Developing Your First Meta-Analytic Study and Expanding it to a Line of Research: Practical Issues
Presenters Chelsea Spencer, M.S., Bryan Cafferky, Ph.D., and Sandra Stith, Ph.D., will begin with a discussion of the importance of selecting an appropriate question to study. Each presenter will talk about how they determine the question they want to answer.
Next, they will provide guidance for choosing key words for your literature search and offer suggestions for careful documentation of articles you include or exclude. They will offer suggestions for developing a code-book to use to enter data and for selecting and training a research team to assist with searches and coding. They will then discuss which software they use to conduct their meta-analyses and how the software helps them in their work.
Finally, the presenters will suggest ways to ensure that a meta-analysis for which you work so hard to collect data can become the beginning of a trajectory for an ongoing research agenda.
Participants will learn how to:
- choose an appropriate questions for meta-analytic analyses.
- conduct a literature review to ensure that their review is comprehensive.
- code and cross-code data.
- use meta-analytic software to enhance their work.
- develop an ongoing research agenda from the data set collected for their initial project.
This webinar builds on the prior NCFR webinar presented by Alan Hawkins, Ph.D. — Conducting a Systematic Literature Review and Meta-Analysis — and focuses on practical issues for scholars who are beginning to develop a meta-analysis.
Intended audience: Graduate students and scholars who are beginning or considering beginning meta-analytic research
Prior knowledge needed: Participants are encouraged to review a few articles that used meta-analytic techniques so they will be prepared to ask questions.
Approved for 1.5 CFLE contact hours of continuing education credit.
Cheung, M. W. L., Ho, R C. M., Lim, Y., & Mak, A. (2012). Conducting a meta-analysis: Basics and good practices. International Journal of Rheumatic Diseases, 15, 129-135.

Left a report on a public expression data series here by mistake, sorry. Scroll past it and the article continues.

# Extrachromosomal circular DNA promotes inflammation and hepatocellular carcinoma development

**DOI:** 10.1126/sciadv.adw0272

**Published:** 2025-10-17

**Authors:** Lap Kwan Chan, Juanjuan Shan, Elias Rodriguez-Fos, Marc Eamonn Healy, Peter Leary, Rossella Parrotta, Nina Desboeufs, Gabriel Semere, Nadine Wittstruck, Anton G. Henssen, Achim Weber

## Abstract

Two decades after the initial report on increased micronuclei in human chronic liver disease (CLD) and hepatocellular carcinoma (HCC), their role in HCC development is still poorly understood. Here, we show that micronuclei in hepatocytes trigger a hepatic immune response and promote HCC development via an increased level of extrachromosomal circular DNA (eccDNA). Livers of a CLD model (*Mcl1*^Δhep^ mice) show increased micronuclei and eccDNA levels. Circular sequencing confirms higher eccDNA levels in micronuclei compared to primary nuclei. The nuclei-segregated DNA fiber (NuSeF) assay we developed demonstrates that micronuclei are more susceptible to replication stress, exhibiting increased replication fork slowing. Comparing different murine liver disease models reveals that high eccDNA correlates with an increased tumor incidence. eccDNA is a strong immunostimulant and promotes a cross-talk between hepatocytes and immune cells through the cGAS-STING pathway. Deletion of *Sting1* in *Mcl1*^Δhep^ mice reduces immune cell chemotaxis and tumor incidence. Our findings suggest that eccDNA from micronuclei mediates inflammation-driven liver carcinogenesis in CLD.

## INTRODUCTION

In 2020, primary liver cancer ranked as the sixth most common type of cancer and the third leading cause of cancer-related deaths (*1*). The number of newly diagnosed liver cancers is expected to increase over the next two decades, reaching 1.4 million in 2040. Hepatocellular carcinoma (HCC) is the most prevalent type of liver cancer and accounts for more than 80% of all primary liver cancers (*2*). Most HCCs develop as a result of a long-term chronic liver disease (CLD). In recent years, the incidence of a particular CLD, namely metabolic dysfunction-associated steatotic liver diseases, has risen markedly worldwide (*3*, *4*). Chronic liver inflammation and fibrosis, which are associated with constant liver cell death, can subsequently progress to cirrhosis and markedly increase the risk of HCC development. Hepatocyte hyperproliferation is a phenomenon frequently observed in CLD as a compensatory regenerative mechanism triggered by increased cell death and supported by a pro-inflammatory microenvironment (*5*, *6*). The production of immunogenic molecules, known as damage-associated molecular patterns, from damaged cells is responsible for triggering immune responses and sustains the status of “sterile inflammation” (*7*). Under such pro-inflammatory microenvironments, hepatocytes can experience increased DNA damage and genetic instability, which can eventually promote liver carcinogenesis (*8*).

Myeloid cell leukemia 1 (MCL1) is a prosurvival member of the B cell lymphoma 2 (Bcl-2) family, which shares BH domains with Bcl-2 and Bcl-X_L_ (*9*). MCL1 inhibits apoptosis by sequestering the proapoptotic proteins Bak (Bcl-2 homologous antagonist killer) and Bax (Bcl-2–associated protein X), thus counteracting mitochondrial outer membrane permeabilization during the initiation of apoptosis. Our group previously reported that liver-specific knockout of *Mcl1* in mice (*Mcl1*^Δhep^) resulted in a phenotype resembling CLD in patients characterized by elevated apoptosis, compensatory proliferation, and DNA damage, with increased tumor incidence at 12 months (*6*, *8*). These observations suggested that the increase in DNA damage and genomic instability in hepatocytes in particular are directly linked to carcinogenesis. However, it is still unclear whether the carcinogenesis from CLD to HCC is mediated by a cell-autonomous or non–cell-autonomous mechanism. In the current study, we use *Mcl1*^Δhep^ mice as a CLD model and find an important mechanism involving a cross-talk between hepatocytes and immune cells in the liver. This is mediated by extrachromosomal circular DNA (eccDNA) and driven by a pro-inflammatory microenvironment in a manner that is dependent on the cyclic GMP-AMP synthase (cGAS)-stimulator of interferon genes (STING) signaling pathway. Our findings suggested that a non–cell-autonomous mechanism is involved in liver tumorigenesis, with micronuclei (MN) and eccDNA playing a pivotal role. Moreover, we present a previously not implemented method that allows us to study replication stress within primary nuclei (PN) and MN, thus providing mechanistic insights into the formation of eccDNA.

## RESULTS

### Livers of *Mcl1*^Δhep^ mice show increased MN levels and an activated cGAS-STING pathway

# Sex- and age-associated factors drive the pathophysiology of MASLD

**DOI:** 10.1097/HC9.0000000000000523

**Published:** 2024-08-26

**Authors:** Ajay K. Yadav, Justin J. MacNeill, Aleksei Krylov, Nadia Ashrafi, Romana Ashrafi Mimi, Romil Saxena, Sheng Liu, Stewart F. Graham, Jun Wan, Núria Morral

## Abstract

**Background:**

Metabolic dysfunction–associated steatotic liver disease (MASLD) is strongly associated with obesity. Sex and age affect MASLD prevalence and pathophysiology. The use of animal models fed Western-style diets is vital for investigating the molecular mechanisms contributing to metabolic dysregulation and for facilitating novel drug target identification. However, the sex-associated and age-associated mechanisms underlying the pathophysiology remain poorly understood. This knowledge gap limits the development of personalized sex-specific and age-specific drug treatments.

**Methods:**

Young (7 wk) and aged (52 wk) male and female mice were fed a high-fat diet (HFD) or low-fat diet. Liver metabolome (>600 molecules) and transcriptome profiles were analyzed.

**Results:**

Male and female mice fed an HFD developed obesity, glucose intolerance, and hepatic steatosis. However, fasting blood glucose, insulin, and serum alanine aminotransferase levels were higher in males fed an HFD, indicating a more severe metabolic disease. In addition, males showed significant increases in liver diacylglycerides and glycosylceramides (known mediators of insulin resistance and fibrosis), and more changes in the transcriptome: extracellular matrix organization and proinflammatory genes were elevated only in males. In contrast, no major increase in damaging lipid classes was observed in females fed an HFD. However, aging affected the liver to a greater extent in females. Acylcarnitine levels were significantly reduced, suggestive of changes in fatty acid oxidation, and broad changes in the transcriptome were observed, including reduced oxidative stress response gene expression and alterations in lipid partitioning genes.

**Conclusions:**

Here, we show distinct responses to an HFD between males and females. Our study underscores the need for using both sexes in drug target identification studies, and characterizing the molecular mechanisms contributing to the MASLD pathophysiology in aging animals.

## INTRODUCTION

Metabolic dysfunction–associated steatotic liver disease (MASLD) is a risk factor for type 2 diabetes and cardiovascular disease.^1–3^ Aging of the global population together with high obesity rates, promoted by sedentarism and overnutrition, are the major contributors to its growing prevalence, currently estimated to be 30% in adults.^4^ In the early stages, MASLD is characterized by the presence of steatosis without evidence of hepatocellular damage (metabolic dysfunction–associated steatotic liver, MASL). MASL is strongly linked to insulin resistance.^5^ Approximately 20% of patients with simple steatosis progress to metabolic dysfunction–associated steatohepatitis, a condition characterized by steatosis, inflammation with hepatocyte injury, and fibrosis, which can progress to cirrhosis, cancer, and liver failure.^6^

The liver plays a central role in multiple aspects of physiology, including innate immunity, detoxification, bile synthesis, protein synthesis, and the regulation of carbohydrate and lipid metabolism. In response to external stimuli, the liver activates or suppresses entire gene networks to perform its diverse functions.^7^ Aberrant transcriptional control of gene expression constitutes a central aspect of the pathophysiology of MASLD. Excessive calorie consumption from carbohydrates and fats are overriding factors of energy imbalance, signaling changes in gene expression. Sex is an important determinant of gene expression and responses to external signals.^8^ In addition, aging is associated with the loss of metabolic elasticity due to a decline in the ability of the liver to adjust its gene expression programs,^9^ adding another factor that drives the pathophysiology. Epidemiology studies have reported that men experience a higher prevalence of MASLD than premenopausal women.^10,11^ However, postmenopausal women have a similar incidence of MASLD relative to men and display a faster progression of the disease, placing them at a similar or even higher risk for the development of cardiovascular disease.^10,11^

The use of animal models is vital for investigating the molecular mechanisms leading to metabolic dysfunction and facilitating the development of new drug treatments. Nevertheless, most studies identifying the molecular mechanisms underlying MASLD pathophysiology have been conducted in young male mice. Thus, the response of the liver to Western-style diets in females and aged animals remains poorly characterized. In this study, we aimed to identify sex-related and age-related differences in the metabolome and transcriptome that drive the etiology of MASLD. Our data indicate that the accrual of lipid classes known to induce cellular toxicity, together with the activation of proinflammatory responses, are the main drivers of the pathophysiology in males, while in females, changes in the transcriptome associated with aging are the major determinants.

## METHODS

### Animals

Moore, Z. (2012). Meta-analysis in context. Journal of Clinical Nursing, 21, 2798-2807.
Egger, M., Davey Smith, G., & Phillips, A. N. (1997). Meta-analysis: Principles and Procedures. British Medical Journal, 315, 1533-1537.
About the Presenters
Chelsea Spencer, M.S., is a Ph.D. candidate in the Couple and Family Therapy Program at Kansas State University. She has more than five years of experience working on meta-analyses with Dr. Sandra Stith. She has co-authored three publications on meta-analyses of risk markers for intimate partner violence, and she is currently working on four additional meta-analyses with her webinar co-presenters. In 2018, she will complete her dissertation, “Risk Factors for Intimate Partner Homicide: A Meta-Analysis.”
Bryan Cafferky, Ph.D., is an assistant professor in the Counseling and Family Sciences Program at Loma Linda University. He has co-authored several published meta-analyses (including his dissertation, “Substance Use and Intimate Partner Violence: A Meta-Analytic Review”) and is currently conducting a meta-analysis on risk markers associated with elder abuse and neglect.
Sandra Stith, Ph.D., is a university distinguished professor in the Couple and Family Therapy Program at Kansas State University. Her research focuses on partner violence. Dr. Stith has received the American Association for Marriage and Family Therapy’s Outstanding Contribution to Marriage and Family Therapy Award, and in 2007 she received the American Family Therapy Association’s Distinguished Contribution to Family Systems Research Award. In 2013, she was named a Fellow of the National Council on Family Relations. She currently serves as associate editor for NCFR’s Journal of Family Theory & Review and is a member of the NCFR Board of Directors. Dr. Stith published her first meta-analysis in 2000, and since that time she has completed 10 additional meta-analyses related to partner violence, many of which she co-authored with her webinar co-presenters.
Archived Webinar Recording
Even if you can't watch this webinar live, your registration will still grant you access to watch the recording at your convenience. The fee for this webinar is $20 for NCFR student members, $40 for NCFR members, $80 for nonmembers.
License for classroom use by one professor is available for $100 for NCFR members, $180 for nonmembers. License for departmental use (multiple professors) is available for $150 NCFR member / $300 nonmember. Departmental license for CFLE-approved programs is $120.